Article: Talent management post COVID will focus a lot on employee health and wellbeing: Chaitali Mukherjee, PwC India

Strategic HR

Talent management post COVID will focus a lot on employee health and wellbeing: Chaitali Mukherjee, PwC India

Talent management post COVID is going to be a lot about focusing on employee health and wellbeing, providing a seamless workforce experience and above all independent management of workforce for the future, believes Chaitali Mukherjee, Leader – People and Organization, PwC India.
Talent management post COVID will focus a lot on employee health and wellbeing: Chaitali Mukherjee, PwC India

The COVID-19 pandemic has irrevocably changed the world and the world of work. With the COVID-19 crisis, lockdowns, and a global recession, organizations are busy reimagining the “new workplace”. Some of the abrupt changes the coronavirus brought to the fore may stick around forever. And these changes have huge implications for businesses and talent leaders as they plan for 2021. 

The digital transformation initiatives that businesses have embarked on will continue for years. While we don’t have a clear indication of when the virus will go away, organizations are trying hard to make the most of this uncertain time as we move into 2021.

So, what would be the key trends you should closely keep your eyes on in 2021? In an exclusive interaction with People Matters, Chaitali Mukherjee, Leader – People and Organization, PwC India, shares her views on the outlook for work in the second year of the pandemic.

What are the key trends that you think will accelerate in the long term in terms of work? What gaps have COVID-19 brought to the fore?

Technology enablement was always a priority but going forward, the acceptance of digital and technology enablement will be even higher. As such with the coexistence of man and machine, decisions pertaining to the distribution of work will need newer aspects to be considered beyond just the cost and time arbitrage. Some of the newer considerations for operating models could be distributed models to ensure work continuity, reduced dependence on any group or location of talent, and super specialization from a skill perspective. 

COVID-19 helped organizations look at the gaps such as overt human dependence, technology implementation but poor adoption and the biases that came in the way of real implementation. All of these will now be a story of the past and technology-led innovation will lead the future.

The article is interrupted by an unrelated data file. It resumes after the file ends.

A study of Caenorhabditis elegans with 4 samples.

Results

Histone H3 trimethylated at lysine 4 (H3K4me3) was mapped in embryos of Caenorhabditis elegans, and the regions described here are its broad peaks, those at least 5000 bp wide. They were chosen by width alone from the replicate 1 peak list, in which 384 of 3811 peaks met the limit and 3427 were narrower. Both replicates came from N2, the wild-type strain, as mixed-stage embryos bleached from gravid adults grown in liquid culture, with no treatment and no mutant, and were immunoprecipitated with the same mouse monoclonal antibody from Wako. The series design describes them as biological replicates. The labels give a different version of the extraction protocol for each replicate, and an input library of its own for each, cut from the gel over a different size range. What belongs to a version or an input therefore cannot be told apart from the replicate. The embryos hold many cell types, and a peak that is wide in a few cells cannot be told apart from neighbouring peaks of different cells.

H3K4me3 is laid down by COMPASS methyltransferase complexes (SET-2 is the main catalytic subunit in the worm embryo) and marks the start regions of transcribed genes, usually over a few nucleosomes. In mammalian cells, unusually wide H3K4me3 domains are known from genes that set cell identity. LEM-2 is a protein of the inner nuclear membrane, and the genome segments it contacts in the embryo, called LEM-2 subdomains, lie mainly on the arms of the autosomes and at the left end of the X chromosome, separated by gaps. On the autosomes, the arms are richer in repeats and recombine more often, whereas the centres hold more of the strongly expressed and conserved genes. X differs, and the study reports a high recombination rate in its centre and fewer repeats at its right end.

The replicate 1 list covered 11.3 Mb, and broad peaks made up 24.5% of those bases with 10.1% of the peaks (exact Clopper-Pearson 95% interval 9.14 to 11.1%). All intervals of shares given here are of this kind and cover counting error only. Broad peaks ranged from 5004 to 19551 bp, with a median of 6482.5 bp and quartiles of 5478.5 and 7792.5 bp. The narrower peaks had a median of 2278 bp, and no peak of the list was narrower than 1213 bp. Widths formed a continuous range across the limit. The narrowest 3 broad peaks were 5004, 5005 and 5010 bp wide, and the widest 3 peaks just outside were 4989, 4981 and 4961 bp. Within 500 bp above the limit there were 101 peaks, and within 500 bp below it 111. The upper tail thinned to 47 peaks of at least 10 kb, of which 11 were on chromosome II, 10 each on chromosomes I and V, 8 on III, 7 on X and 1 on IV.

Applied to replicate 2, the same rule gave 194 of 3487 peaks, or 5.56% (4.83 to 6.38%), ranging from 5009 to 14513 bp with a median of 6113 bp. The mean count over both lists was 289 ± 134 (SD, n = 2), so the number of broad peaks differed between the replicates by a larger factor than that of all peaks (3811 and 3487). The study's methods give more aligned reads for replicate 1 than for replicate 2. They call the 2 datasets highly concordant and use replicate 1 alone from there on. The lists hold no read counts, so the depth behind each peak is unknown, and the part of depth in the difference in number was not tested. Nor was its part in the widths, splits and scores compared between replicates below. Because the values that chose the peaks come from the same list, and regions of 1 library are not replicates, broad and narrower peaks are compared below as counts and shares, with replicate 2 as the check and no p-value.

The pandemic will be an impetus for innovation in times to come, as many experts say. What have been the biggest lessons this pandemic has highlighted in terms of the culture of innovation? 

The top three lessons this pandemic has highlighted that could enable innovation in an entirely different way include the following:

● Thinking of the larger problem and not a piecemeal problem to be solved. One of the things people have struggled to solve over the years but got clarity in this past one year was the need to look at the big picture and the larger problem. The point in time problem-solving solutions become redundant in duress but the ones that are industry-defining and solve the bigger problems will always be in demand.

● The workplace is for the work and has to be designed around the workforce: again, a big shift. Earlier workplace-related decisions were taken first, and thereafter workforces were allocated. This is not the case anymore.

● Work that’s right for the business and can be delivered in a seamless manner will take precedence over organizational constructs. Thus, the capabilities of the people to be versatile and yet deep focused in an industry or problem area will be highly valued.

What are some of the top questions that leaders need to ask to prepare its workforce for the future of work as we strive to come out stronger from this pandemic?

The top three questions leaders need to ask their workforce for the future are the following:

● How are you managing and taking care of yourselves (physically, emotionally, and mentally) to be ready for the future?

● What is the new skill or capability you’ve learnt to be future-ready?

● How are you aligning your personal motivations and aspirations with the organization’s purpose and goals to enjoy what you are doing?

How do you see the larger HR landscape evolve in 2021 and how should talent leaders reimagine workforce management in 2021?

Talent management post-COVID is going to be a lot about focusing on employee health and wellbeing, providing a seamless workforce experience and above all independent management of the workforce for the future. Another important focus area for organizations this year will be about creating capabilities in the workforce so that they could embrace the future.

Given the digital fatigue, how can employers foster their employee morale and productivity intact amid this uncertain time?

The key to managing employee motivation in the digital era would be to focus on the use of technology to enable the workforce and drive connectedness. Organizations would also focus on humans and their well-being and personal connect.

As long as technology is used for enabling work and human connect is used in greater proportions for caring and building social connectedness, the balance will get managed.

The key would be to rethink as to what humans can do that machines can’t and focus on them in a constructive way.

One key learning for you from this crisis and why is it important?

My biggest learning has been the need to learn how to balance health and well-being, family, work, and learning. Each of the four elements is an important constituent for internal happiness. Missing on anyone at the expense of the other will lead to a lack of right balance. It’s a tight rope walk and requires a lot of practice and focus to keep pace.